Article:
If the current financial upheaval teaches us anything, it should be how much market capitalism depends upon most people developing and adhering to some rather uncontroversial moral virtues.
Watson then writes, “I wish he would say more about what those virtues should be or from where they should originate.”
It will be interesting to see if the response to the current crisis will go that far, penetrating the very character of the persons and the economic community, or if it will settle for merely dealing with external constraints in the form of increased market regulation. One will result in lasting reform; the other will only inspire circumvention.
This blog has written previously about the virtues in question, and their sources:
here: Rabbi Jonathan Saks suggests those virtues originate in the following places:
2) Marriage and Family [but Christians can understand this also more broadly as Body of Christ]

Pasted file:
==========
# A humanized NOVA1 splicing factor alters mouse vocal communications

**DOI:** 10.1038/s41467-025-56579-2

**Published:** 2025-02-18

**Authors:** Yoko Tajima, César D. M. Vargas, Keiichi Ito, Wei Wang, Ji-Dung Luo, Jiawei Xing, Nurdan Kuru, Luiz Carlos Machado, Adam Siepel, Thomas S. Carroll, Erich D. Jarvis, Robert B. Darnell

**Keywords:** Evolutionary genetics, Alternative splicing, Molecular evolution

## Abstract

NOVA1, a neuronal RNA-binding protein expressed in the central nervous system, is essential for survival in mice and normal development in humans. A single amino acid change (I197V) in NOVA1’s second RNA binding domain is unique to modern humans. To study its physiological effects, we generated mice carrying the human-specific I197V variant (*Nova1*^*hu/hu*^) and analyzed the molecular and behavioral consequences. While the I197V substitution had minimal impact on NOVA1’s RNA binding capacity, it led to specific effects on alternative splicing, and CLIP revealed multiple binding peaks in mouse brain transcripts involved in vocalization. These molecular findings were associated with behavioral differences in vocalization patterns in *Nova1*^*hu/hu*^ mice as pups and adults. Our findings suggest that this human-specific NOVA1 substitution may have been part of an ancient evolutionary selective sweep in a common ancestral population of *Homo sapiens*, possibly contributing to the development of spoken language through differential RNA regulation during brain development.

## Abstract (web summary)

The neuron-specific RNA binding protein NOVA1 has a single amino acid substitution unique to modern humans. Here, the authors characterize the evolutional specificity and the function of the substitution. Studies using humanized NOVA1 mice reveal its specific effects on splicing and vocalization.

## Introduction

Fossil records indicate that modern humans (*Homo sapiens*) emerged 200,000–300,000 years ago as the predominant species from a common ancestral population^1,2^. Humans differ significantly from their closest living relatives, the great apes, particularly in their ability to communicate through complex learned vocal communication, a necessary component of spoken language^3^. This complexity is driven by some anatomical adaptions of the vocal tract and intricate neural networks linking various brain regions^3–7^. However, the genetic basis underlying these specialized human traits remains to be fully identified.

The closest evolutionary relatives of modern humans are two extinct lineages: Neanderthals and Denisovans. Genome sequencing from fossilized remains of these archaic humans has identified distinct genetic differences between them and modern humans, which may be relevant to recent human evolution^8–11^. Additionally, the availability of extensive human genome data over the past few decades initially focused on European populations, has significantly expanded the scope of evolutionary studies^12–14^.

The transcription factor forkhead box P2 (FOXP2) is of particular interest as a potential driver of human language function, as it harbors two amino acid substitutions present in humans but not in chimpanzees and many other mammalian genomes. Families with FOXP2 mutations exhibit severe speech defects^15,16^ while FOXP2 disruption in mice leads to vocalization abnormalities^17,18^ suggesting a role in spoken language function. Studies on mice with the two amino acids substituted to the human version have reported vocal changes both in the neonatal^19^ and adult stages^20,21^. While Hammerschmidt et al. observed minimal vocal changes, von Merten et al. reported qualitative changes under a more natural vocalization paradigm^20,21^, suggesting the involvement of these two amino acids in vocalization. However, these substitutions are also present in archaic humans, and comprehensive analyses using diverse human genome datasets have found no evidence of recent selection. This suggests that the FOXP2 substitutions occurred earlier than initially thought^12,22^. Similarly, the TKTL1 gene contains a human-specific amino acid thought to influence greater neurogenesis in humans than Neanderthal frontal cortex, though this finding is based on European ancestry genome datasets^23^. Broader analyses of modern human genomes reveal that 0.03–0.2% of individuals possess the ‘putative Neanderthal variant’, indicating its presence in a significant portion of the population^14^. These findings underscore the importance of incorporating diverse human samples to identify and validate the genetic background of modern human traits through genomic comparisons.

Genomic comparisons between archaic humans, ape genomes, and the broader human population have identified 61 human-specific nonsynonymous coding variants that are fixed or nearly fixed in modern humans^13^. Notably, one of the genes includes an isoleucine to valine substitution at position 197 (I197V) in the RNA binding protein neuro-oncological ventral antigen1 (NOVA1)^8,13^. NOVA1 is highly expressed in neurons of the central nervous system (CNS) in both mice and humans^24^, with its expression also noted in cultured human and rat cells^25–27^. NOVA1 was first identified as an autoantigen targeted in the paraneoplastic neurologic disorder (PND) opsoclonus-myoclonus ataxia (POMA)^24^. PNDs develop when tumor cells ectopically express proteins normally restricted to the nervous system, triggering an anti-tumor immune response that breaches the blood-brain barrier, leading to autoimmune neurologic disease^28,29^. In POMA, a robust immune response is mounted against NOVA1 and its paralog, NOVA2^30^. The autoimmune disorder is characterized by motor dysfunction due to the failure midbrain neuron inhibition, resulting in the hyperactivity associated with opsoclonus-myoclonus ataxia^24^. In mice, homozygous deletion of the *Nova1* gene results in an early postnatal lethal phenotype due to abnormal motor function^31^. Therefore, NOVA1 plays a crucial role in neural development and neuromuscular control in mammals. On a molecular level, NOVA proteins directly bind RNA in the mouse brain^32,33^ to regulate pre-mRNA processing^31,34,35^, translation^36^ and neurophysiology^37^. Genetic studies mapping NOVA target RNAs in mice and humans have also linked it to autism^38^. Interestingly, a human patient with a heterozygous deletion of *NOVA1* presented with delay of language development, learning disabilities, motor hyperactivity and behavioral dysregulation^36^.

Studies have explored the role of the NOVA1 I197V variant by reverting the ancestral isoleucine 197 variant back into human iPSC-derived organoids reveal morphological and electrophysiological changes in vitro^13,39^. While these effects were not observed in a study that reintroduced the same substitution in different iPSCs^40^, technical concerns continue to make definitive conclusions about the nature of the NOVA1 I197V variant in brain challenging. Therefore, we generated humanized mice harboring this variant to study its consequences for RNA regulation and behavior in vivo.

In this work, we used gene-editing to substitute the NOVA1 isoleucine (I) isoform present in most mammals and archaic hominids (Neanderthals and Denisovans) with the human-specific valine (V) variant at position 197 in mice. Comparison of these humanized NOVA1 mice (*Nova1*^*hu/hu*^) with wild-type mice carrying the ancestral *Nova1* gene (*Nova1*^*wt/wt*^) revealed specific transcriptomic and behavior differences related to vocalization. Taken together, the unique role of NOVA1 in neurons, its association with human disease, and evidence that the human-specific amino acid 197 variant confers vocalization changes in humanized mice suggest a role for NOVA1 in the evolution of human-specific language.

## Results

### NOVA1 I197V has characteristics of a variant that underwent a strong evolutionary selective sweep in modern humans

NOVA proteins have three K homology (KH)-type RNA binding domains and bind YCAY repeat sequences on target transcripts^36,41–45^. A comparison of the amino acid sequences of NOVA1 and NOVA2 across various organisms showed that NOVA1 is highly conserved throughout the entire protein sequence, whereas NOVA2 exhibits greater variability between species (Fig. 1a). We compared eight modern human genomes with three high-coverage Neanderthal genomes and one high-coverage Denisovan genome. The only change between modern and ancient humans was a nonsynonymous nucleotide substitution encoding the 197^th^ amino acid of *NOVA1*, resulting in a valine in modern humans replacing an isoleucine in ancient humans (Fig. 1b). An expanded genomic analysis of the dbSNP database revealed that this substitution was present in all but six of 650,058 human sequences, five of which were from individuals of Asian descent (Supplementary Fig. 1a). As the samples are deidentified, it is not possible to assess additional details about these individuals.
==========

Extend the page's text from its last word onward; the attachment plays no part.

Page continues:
4) the concept of Property
5) tradition/Law [Christians can also understand this more broadly as Church and Scripture]
and here: Ken Myers, from Mars Hill Audio agrees with Saks, pointing to family and community as sources for virtues like "trust, goodwill, forbearance, self-restraint, compassion, and forgiveness."
Watson makes an important observation:
There is a feedback loop between our character and the systems we create. Yes, our values shape the market; we would do well to remember that the market returns the favor.”
Free market capitalism is a modernist phenomenon, and we ignore its metaphysical foundations at our peril. The challenge in the coming days will be to see if we can create a capitalist system founded not on individualism, autonomy and novelty, but on persons, relationships and respect for the traditions and practices that sustain us in our relationships with God, each other, and the earth.